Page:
Migrants who are thinking of giving up on New Zealand are being urged to look for opportunities using "migrant eyes".

Two immigrants who run successful niche businesses say New Zealand offers plenty of opportunities for those who look.

Both say success does not happen overnight, but comes with patience and hard work.

Jimmy Kuok, originally from Malaysia, went from being a $600-a-month bus driver to owning a successful sea cucumber business and factory. He has been here nearly four decades.


Kuok said sea cucumbers, a slug-like marine animal, was once discarded by fishermen.

But because he was aware of the demand for the creature - considered to be a nutritious delicacy with health benefits and an aphrodisiac - in Asia, Kuok said he was able to seize the opportunity.

Sea cucumbers dried at his factory command $1800 per kg in a market that is estimated to be worth around $81 million.

C&Z Tech founder Edward Chen, 39, who first came to NZ from China as an international student in 1999, had to support himself by working as a dishwasher.

But he found an opportunity in online dating technology, and today heads a multi-million dollar tech start-up company which runs one of the fastest growing dating app, Hud.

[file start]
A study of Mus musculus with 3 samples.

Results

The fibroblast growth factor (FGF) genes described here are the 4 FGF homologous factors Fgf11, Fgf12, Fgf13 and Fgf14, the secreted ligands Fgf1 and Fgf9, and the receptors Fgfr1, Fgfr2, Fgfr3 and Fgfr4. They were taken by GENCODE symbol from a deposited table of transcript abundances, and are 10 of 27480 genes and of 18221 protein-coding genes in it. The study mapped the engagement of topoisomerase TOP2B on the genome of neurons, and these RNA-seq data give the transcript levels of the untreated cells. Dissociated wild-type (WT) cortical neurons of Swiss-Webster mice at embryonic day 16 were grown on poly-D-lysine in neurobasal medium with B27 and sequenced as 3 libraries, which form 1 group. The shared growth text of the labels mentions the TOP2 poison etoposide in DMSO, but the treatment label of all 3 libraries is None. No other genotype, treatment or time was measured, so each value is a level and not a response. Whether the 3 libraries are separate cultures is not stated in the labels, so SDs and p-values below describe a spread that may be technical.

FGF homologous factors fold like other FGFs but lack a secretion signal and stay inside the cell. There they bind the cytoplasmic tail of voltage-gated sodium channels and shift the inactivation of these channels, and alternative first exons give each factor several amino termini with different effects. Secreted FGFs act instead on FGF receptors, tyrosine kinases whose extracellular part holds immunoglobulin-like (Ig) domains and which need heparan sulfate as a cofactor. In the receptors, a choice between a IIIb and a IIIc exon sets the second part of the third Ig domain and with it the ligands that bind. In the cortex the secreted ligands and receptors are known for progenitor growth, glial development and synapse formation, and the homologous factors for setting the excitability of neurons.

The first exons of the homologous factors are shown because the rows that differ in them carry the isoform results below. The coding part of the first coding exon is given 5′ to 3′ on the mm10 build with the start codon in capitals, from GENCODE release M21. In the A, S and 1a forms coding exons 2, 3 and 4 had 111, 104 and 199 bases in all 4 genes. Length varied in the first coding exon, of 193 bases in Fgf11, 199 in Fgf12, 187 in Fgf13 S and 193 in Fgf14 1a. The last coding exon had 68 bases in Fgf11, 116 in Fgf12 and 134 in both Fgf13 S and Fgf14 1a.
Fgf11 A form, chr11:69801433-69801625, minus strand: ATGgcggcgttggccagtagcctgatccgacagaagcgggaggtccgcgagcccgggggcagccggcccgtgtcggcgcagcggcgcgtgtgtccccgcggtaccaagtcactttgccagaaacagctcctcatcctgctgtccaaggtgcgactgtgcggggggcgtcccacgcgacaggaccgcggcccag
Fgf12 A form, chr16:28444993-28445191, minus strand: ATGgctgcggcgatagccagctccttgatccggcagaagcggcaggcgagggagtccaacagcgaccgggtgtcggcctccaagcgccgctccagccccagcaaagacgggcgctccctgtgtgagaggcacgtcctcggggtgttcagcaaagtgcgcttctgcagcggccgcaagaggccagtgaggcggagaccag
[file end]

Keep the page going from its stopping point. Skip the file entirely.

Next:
Chen, who graduated from the University of Auckland with a computer science degree, saw an opportunity of matching Kiwi men with Asian women.

"There's a lot of interest from local men wanting to date Asian ladies, but 10 years ago there was limited opportunities for them to do so," he said.

In 2011, Chen said he built the first Asian dating website called NZAsianDating - and has focused on building dating apps for the overseas market.

Three years ago, he created Hud which he claims has 3.5 million users and is growing by 4000 new users each day.

"I didn't come from a wealthy family and sometimes I was doing three to four part time jobs to get by, and having $5 left in my bank account is normal to me," Chen said.

"It takes time to build a successful business, but New Zealand does offer lots of opportunities for migrants - but they have to look."

Statistics New Zealand figures released last month showed migrant arrivals dipped below the 130,000 mark for the first time since the April 2017 year.

Both New Zealand citizen and non-citizen migrant arrivals also dipped for the June 2018 year.

Massey University sociologist Professor Paul Spoonley said the number of migrant departures was a reflection of the policy changes made by the previous government and extended by this government.

"The departures reflect a slightly less buoyant economic mood and the strengthening of other destination economies and labour market," Spoonley said.

"It would be very concerning if we see the departure of recent graduates to other countries."

Spoonley said it was part of a New Zealand tradition for graduates to do an overseas experience or OE.

"But any significant increase if concerning, especially since we know that a significant proportion might reside and work permanently overseas," he added.